Machine Vision Systems with LabVIEW Real-Time

Overview

Building your machine vision system with LabVIEW Real-Time provides an environment for complete deterministic control. Because the underlying real-time operating system is a simplified kernel, you have fewer chances for latency or delays caused by interrupt service routines. Machine vision systems running LabVIEW Real-Time easily integrate with other measurement and automation devices, so you can use high-speed interconnects between devices in a PXI chassis for advanced measurement capabilities and facilitate communication between devices without host intervention.

Table of Contents

  1. Introduction
  2. Real-Time System Characteristics
  3. Building Machine Vision Systems with LabVIEW Real-Time
  4. Inspection System and Data-Driven Functions
  5. Integration with Other Automation and Measurement Devices
  6. Low-Cost, Reliable Systems

Introduction

Machine Vision systems are becoming more powerful and affordable as processing power increases and price decreases. A quick glance at an automobile manufacturing line reveals dexterous robots responding effortlessly to camera-mounted feedback. In this high-throughput manufacturing environment, reliability means increased production and increased safety. Down-time can cost millions of dollars and errant moves can put workers in peril. In a high-throughput manufacturing environment, machine vision system reliability means increased production and safety.



Real-time systems process and respond to data in a fixed, upper time limit. While a real-time system is considered a deterministic system, it does not necessarily mean a fast system. ATMs provide real-time data, albeit in seconds. Though it is sufficient time for the average consumer, it is obviously too long for a servo control application. Both systems have different time requirements and both are real time, as long as their response time is bounded. The defining key element for a real-time system is that the process happens exactly in a set amount of time and exactly at the same frequency every time. Thus, a real-time system actually creates an upper bound on response time that may or may not be relatively fast.



An embedded machine vision system consists of several components. First you need a development machine or host computer. This computer allows you to do all the necessary software development, including acquiring sample images, prototyping vision strategies, and benchmarking the application. After you are satisfied with your imaging strategy, you must download the code to a ruggedized and embedded computer running a real-time operating system. Next, generate LabVIEW code from Vision Builder. You can make modifications to this code and integrate additional functionality, such as data acquisition, remote monitoring, or motion control. Next, you can download the code to the target embedded PXI controller. The PXI system runs autonomously from the host computer. The real-time operating system on the target PXI machine ensures system reliability. For monitoring the inspection, you can send image data to the host computer via Ethernet, or you can view image data, complete with graphical overlays and text, via the video-out port on the PXI controller.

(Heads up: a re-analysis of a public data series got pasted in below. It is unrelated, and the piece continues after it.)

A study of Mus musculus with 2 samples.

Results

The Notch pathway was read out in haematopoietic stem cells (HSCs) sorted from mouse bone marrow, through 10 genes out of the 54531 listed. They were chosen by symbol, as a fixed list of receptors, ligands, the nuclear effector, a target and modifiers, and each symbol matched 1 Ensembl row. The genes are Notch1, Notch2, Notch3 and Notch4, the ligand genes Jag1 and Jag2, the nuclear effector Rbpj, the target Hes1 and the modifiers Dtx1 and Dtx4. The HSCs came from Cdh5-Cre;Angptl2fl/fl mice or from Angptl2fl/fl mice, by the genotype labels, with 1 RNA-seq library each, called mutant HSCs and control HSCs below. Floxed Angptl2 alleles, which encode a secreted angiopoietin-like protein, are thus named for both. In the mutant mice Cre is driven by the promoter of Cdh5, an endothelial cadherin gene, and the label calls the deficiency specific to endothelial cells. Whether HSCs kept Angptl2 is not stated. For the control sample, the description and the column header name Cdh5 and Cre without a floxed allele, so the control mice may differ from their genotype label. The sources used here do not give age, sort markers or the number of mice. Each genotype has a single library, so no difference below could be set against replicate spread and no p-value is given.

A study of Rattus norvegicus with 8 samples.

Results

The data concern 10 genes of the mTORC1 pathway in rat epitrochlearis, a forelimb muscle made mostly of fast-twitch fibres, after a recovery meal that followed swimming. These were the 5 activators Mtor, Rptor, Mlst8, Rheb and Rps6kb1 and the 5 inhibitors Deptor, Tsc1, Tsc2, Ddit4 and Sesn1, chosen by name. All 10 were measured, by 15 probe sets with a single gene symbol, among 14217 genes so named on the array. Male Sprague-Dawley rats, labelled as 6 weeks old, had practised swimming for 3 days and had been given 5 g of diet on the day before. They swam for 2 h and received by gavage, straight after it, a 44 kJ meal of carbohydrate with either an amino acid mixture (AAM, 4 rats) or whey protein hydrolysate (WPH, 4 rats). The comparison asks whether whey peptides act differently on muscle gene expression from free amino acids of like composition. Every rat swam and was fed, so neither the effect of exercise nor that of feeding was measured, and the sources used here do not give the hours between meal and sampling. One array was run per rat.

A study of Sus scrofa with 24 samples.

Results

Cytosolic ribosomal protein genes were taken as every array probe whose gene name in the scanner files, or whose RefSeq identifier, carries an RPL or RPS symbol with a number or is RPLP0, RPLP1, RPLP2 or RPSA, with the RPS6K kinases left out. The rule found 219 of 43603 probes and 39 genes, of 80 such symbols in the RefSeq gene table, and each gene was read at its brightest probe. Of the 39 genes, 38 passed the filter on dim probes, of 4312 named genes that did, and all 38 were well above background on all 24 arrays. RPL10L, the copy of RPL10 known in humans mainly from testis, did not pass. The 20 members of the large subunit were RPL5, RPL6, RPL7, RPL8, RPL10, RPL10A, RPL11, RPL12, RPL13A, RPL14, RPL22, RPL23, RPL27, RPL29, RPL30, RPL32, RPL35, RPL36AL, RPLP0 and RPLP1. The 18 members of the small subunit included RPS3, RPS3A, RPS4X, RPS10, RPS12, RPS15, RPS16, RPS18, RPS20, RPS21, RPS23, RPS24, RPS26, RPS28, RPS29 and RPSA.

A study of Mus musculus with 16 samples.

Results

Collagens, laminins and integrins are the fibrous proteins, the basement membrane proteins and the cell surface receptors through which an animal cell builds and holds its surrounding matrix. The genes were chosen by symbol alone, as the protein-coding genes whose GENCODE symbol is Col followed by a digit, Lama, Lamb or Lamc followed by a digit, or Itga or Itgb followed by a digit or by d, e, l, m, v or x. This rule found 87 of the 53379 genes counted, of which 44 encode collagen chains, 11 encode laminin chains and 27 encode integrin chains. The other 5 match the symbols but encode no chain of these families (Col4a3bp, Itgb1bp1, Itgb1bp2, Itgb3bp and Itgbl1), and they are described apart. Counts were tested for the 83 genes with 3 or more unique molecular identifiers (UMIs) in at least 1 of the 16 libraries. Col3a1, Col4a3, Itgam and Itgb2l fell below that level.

Real-Time Vision Development System


LabVIEW Real-Time running data acquisition functions provides an environment for complete deterministic control. In contrast, an embedded machine vision system is not deterministic. By nature, vision algorithms are not deterministic. Image content, rather than image size, determines the speed of a particular image-processing step. Any data-driven algorithm is always unbounded. For example, performing particle analysis on an image with three particles will occur faster than an equivalent-sized (resolution) image with seven particles. This difference in computation time increases as the variance in the image increases, and as you perform more time-variant processing and analysis functions.

In order to accommodate for this lack of determinism, you should benchmark your worst-case scenario. In this instance, you analyze an image with the maximum number of particles using the image processing steps and then benchmark for speed. This technique determines the upper bound, or response time, of the system.

In the over 200 functions in IMAQ vision, some functions are less variable. These functions, such as threshold, are not entirely data-driven, and are therefore less time-variant. The threshold function operates on the image with significantly less jitter as long as it is the same image size and the same image type. Many image-processing functions fall under this category because they perform a discrete function on each pixel in the image, regardless of image content.



High-speed interconnects between devices in a PXI chassis allow for advanced measurement capabilities and facilitate communication between devices without host intervention. An eight-line trigger bus links all PXI slots in a bus segment, so multiple devices can interact and control each other's events through hardware. A local bus is defined to the right and left of each slot and is composed of 13 lines available to each device slot for private communication between adjacent slots. Pairs of peripherals can pass analog or digital signals back and forth using the local bus. An example would be passing trigger information to your DAQ, motion, and imaging devices, thus simultaneously capturing voltage, coordinate position, and image data.



Manufacturing processes, many of which often rely on human inspection or expensive proprietary vision systems now can benefit from low-cost, high-speed, and easy-to-use embedded vision systems.
What Do I Need for Running IMAQ Vision under LabVIEW RT?